Turkey risking attacks for showing kindness to terror group leaders

Turkey is allowing senior Hamas operatives to plot attacks against Israel from Istanbul as President Recep Tayyip Erdogan plays host to the terrorist group’s leaders.

Transcripts of Israeli police interrogations with suspects show that senior Hamas operatives are using Turkey’s largest city to direct operations in Jerusalem and the occupied West Bank, including an assassination attempt earlier this year on the mayor of Jerusalem.

Israel has repeatedly told Turkey that Hamas is using its territory to plan attacks, but last weekend Mr Erdogan met Ismail Haniyeh, the head of Hamas, and Turkish intelligence agents maintain close contact with the group’s operatives in Istanbul. “We will keep on supporting our brothers in Palestine,” Mr Erdogan said.

Turkey is already facing questions from Western allies over its support for extremist rebels in northern Syria and over its commitment to Nato after buying a Russian missile system.

Turkey agreed in a US-brokered 2015 deal with Israel to stop Hamas planning attacks from its soil but has consistently failed to honour the agreement, Israeli officials said.

The issue has fuelled hostility between the two states, even though they maintain diplomatic relations. “Israel is extremely concerned that Turkey is allowing Hamas terrorists to operate from its territory, in planning and engaging in terrorist attacks against Israeli civilians,” its foreign ministry said.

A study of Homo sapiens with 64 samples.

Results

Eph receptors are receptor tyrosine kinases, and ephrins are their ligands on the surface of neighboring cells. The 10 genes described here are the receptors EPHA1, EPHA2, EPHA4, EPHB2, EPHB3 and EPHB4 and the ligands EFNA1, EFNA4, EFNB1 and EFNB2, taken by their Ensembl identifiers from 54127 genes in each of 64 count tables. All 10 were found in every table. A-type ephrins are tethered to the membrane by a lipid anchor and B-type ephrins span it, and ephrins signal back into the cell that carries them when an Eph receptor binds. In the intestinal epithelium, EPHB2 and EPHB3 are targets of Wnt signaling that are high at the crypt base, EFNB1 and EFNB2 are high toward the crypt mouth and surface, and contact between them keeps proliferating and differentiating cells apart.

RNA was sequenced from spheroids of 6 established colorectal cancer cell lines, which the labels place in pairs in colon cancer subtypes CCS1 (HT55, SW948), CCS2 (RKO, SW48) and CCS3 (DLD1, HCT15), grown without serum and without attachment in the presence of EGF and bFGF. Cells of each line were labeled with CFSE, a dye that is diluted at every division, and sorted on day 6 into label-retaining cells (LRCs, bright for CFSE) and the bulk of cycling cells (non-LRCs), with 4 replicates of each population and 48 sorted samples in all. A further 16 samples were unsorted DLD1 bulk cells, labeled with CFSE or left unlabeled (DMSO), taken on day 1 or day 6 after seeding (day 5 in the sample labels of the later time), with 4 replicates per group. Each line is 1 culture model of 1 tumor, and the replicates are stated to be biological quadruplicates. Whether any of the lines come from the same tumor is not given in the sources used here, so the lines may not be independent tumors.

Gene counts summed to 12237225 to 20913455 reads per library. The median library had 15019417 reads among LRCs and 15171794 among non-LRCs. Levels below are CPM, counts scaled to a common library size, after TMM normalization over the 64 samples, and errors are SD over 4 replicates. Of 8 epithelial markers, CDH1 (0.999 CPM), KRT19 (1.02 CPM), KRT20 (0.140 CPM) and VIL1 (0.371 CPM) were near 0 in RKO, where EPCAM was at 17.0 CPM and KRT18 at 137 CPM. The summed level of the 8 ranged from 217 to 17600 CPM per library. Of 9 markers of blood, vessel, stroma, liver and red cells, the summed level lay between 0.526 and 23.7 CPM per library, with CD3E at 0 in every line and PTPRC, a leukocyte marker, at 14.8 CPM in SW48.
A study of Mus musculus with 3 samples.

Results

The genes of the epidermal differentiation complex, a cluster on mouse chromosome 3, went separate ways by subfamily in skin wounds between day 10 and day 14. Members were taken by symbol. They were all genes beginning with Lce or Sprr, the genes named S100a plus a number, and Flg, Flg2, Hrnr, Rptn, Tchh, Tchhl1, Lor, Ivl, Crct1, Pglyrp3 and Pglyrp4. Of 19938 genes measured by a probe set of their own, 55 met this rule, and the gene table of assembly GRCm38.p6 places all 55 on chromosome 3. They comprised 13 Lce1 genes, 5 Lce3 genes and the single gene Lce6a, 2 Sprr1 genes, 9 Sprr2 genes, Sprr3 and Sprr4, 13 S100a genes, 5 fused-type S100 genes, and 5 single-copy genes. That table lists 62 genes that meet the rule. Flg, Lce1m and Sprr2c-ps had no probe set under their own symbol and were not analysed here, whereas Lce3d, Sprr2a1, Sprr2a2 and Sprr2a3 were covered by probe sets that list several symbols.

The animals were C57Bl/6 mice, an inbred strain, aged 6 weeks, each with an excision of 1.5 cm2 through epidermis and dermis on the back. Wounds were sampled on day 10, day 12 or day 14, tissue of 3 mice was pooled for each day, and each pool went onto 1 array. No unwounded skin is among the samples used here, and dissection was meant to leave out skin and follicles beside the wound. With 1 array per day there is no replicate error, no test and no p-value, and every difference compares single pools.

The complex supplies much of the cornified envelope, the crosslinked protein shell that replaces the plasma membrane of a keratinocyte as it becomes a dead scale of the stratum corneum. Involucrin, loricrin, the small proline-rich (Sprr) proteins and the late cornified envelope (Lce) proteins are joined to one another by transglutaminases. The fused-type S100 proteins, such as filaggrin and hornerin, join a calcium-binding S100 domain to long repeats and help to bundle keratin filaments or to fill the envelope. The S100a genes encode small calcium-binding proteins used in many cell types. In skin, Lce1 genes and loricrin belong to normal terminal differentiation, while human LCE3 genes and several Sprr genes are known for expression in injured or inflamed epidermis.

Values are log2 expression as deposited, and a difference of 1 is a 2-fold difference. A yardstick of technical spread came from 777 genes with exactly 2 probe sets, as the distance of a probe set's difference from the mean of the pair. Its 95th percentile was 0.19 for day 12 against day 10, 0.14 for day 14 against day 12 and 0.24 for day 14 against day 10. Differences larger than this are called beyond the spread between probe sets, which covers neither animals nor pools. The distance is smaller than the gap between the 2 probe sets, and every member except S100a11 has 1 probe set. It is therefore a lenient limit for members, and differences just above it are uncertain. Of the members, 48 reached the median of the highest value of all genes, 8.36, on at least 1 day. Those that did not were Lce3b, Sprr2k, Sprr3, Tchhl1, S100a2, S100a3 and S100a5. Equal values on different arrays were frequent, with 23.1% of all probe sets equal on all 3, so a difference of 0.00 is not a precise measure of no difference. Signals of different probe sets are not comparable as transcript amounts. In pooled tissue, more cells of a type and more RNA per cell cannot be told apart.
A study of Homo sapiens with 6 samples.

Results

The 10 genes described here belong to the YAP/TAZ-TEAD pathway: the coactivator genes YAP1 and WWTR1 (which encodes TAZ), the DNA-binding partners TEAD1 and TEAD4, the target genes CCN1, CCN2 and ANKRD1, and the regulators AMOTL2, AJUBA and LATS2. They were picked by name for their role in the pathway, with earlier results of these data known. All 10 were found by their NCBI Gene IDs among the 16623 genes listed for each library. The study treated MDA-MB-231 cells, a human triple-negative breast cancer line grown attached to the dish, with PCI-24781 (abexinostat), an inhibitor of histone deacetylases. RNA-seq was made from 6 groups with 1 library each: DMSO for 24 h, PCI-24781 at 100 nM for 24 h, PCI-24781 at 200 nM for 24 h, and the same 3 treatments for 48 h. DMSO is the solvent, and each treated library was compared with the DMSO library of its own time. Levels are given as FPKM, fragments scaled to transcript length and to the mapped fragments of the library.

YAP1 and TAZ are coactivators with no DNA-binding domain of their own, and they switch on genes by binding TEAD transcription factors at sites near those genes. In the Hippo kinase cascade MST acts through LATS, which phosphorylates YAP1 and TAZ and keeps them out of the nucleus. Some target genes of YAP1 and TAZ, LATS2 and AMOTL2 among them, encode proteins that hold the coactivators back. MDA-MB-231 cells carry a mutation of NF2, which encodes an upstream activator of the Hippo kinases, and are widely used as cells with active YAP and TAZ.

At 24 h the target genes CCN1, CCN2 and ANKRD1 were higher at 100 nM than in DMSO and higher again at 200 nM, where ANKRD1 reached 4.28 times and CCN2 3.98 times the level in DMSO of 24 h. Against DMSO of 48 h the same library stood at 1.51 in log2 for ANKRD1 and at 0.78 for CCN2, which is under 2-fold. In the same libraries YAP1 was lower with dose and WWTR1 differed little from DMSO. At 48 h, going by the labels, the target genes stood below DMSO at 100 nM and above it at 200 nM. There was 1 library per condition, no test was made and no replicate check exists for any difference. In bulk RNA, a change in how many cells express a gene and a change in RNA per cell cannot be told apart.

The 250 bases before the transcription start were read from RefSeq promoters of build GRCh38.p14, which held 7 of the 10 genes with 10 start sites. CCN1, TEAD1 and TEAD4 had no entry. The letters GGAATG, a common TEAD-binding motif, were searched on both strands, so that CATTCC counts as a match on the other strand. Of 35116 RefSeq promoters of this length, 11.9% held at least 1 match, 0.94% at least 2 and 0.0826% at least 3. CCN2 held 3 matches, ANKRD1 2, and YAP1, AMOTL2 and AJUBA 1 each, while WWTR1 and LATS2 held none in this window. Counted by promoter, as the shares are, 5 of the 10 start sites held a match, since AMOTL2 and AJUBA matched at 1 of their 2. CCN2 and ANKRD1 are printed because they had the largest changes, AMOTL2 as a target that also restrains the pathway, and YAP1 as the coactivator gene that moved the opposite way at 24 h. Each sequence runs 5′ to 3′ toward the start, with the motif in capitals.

The Turkish government has offered Hamas safe harbour in Istanbul even as Arab states such as Saudi Arabia have distanced themselves from the group and moved closer to Israel. Hamas is considered a terrorist group by the EU and US. Its armed wing has been designated a terror group by the UK.

Turkey has proved such a welcoming environment for Hamas that the group’s deputy leader, who has a $5 million US government bounty on his head, travels freely to the country without fear of arrest. A dozen Hamas operatives have moved to Istanbul from the Hamas-controlled Gaza Strip in the past year, according to Israeli and Egyptian intelligence records.

Among them is the former leader of a suicide bombing cell responsible for some of the bloodiest attacks in Israel in the Nineties.

In one failed plot in February, a Hamas official ordered a Palestinian to assassinate Jerusalem’s mayor, an MP from Benjamin Netanyahu’s party or Israel’s chief of police. The plot failed. In another case, a Hamas operative offered to pay $20,000 to the family of any would-be suicide bomber.

A Turkish diplomatic source denied Hamas was planning attacks from Turkey. He said the group was “not a terrorist organisation” but a legitimate Palestinian political party. Hamas denied planning attacks from Turkish soil and dismissed Israel’s complaints as “baseless allegations” designed to damage political relations with Turkey.

“Hamas’s resistance activities are conducted only in the land of occupied Palestine,” a Hamas spokesman said. Leading Hamas operatives and alleged linked businesses did not respond to requests for interviews.